Last response: in Graphics & Displays

I know for a fact the When i comes to HD Video editing, the CPU usually does the work. But of course the video card helps too right?
So, i was wondering. Will an ATI HD 5770 do the job? my first choice was an GTS 250, then A GTX 470, then finally a GTX 260 but they ran out of stock. Anyway, there is also a dilemma on my proccy since its just an Core 2 Duo E7400 2.8ghz, Although i am planning to get a Quad core soon, this proccy would be temporary to any of these vid cards.

my main question is.

ATI - all play no work? or can it handle both?

Nvidia - with its fancy CUDA and openCL stuff, can it handle all work? then maybe a little play? depending on the series right?

thanks guys.
a c 189 U Graphics card
June 25, 2010 4:23:17 AM

Any cards recently would be good for video editing, don't worry about that...
June 25, 2010 4:44:20 AM

nVidia doesn't have any special fancy OpenCL stuff, and Cuda is similar to Stream.

What application are you using, some favour one or the other, both can accelerate video encoding and some editing functions. However it depends on the tool you're using.

Under a standardized platform the difference isn't really that big when both are allowed to play;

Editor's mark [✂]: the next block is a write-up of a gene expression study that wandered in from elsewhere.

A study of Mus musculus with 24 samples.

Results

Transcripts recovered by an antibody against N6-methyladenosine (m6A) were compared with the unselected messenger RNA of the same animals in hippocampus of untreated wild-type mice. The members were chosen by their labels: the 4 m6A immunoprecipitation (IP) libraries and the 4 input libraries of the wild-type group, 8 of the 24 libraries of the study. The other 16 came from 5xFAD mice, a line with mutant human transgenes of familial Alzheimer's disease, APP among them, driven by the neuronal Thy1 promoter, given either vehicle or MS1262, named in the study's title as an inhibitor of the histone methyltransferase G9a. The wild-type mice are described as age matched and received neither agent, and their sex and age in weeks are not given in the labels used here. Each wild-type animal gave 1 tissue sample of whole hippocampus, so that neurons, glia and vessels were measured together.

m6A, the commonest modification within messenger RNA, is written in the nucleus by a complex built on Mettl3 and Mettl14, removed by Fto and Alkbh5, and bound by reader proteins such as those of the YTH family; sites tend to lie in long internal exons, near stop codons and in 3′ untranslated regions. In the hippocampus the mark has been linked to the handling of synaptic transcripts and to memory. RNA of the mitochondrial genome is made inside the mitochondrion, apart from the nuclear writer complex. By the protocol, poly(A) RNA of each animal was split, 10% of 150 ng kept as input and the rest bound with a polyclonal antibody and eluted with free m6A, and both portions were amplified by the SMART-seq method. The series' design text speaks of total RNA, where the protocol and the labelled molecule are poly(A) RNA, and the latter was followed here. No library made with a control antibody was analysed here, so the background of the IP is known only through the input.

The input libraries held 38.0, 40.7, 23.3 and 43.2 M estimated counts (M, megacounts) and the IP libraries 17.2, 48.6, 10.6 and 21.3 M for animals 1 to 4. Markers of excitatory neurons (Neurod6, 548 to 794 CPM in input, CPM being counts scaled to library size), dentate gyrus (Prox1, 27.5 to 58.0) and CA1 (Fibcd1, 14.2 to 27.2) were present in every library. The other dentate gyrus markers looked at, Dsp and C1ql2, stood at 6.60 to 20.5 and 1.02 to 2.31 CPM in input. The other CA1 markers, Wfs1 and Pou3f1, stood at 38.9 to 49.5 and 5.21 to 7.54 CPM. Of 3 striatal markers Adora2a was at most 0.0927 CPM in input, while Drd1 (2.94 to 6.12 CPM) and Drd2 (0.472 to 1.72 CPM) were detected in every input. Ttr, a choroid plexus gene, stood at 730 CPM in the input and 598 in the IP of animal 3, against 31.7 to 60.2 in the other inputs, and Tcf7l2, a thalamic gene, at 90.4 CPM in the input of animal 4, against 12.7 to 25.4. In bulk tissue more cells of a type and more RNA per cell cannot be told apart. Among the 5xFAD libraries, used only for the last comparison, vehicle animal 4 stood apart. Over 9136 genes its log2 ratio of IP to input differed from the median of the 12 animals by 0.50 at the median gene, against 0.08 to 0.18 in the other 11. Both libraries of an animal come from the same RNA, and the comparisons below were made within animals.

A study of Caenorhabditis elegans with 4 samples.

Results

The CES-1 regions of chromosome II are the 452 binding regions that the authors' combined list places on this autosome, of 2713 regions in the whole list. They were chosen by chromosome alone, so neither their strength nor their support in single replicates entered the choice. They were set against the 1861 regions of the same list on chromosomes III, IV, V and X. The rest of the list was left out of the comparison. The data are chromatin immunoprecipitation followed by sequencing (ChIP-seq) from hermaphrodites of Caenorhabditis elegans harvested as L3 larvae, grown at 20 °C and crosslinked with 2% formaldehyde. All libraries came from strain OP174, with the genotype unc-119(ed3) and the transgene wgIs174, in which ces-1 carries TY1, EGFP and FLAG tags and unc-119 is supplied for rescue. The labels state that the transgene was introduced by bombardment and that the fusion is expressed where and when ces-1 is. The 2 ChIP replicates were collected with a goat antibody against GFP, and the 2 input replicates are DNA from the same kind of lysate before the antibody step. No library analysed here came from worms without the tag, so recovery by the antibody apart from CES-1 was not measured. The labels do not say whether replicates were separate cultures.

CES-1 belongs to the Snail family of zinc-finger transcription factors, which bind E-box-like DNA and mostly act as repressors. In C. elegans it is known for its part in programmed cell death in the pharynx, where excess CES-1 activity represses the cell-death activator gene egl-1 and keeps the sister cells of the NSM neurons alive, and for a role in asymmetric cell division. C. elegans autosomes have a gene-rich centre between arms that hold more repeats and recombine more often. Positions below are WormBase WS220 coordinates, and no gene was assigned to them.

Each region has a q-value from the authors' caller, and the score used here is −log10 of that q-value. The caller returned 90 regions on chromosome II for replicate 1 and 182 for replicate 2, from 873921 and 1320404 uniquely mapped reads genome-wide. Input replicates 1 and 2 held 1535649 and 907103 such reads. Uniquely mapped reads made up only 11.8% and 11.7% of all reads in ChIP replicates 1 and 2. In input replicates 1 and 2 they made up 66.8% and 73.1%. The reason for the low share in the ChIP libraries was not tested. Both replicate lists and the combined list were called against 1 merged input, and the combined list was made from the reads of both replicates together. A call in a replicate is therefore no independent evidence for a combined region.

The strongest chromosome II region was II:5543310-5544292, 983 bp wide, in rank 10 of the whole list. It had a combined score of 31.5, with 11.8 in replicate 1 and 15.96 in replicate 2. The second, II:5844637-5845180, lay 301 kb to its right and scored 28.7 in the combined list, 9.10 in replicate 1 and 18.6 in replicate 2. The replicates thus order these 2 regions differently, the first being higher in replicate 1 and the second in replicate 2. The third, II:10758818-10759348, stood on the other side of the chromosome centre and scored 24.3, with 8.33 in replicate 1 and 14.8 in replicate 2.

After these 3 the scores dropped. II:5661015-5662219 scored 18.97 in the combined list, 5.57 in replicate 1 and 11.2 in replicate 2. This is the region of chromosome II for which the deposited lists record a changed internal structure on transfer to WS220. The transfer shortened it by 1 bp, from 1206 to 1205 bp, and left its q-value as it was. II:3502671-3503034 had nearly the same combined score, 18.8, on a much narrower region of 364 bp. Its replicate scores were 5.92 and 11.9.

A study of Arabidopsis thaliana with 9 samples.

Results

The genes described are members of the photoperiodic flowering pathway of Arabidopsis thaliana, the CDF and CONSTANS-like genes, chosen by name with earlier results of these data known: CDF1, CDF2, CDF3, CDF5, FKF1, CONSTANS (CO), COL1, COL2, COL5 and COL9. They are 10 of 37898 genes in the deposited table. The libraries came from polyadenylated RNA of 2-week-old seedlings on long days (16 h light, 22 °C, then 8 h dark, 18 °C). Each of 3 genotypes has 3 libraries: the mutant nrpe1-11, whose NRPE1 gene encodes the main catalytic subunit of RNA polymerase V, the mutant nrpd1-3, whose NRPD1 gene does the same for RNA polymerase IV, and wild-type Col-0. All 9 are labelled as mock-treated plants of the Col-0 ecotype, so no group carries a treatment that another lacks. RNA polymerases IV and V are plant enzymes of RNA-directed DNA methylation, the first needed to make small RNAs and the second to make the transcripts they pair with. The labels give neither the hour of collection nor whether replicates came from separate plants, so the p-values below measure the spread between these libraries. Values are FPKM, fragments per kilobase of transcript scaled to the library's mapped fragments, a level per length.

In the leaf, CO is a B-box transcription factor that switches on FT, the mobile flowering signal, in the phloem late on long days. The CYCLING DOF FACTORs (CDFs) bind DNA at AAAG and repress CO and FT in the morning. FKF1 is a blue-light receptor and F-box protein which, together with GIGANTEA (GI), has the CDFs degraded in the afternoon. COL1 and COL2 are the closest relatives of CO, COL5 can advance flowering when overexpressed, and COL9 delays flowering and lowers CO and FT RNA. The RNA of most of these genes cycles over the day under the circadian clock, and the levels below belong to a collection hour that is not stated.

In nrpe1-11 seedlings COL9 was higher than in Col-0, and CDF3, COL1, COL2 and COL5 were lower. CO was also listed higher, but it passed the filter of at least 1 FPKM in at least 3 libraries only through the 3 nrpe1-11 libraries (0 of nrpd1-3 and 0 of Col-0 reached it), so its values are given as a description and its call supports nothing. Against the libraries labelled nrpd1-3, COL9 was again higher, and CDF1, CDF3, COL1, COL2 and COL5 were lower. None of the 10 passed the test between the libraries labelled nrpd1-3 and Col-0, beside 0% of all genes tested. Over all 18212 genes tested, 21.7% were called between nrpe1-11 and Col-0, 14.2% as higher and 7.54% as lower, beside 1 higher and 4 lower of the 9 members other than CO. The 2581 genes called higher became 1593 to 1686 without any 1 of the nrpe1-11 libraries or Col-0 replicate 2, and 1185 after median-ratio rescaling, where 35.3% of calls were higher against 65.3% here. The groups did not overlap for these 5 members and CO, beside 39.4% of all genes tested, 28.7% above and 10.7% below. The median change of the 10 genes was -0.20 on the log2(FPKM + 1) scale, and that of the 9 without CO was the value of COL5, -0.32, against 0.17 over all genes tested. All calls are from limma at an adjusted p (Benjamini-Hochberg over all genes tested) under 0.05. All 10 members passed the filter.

http://www.guru3d.com/article/radeon-hd-5570-review/19



as of now since i am a beginner i use magix movie edit pro 15, but on the future maybe sony vegas pro 9 or adobe premier pro

a b U Graphics card
June 25, 2010 5:01:12 AM

Magix will make no difference, but Vegas has better AMD plug-ins, Adobe (only in CS5) has MPE with 1 out of the 3 features getting some acceleration with nV Quadro cards and the GTX285 (but not for the nV cards you have listed without a hack) with all of the other features being OpenGL (not CL) accelerated for both platforms. So it depends on the version if you're using an older version, and if you take too long moving to Adobe, then you are likely to find CS6 move to OpenCL for both as Adobe has already said is their plan but they hadn't an option since OpenCL took so long in coming they couldn't develop for it.

Most video editing won't require much grunt work unless you're doing multiple streams/layers, so unless you know the specific need look for the features you like the most from what's available.


Best answer selected by mastersaofan.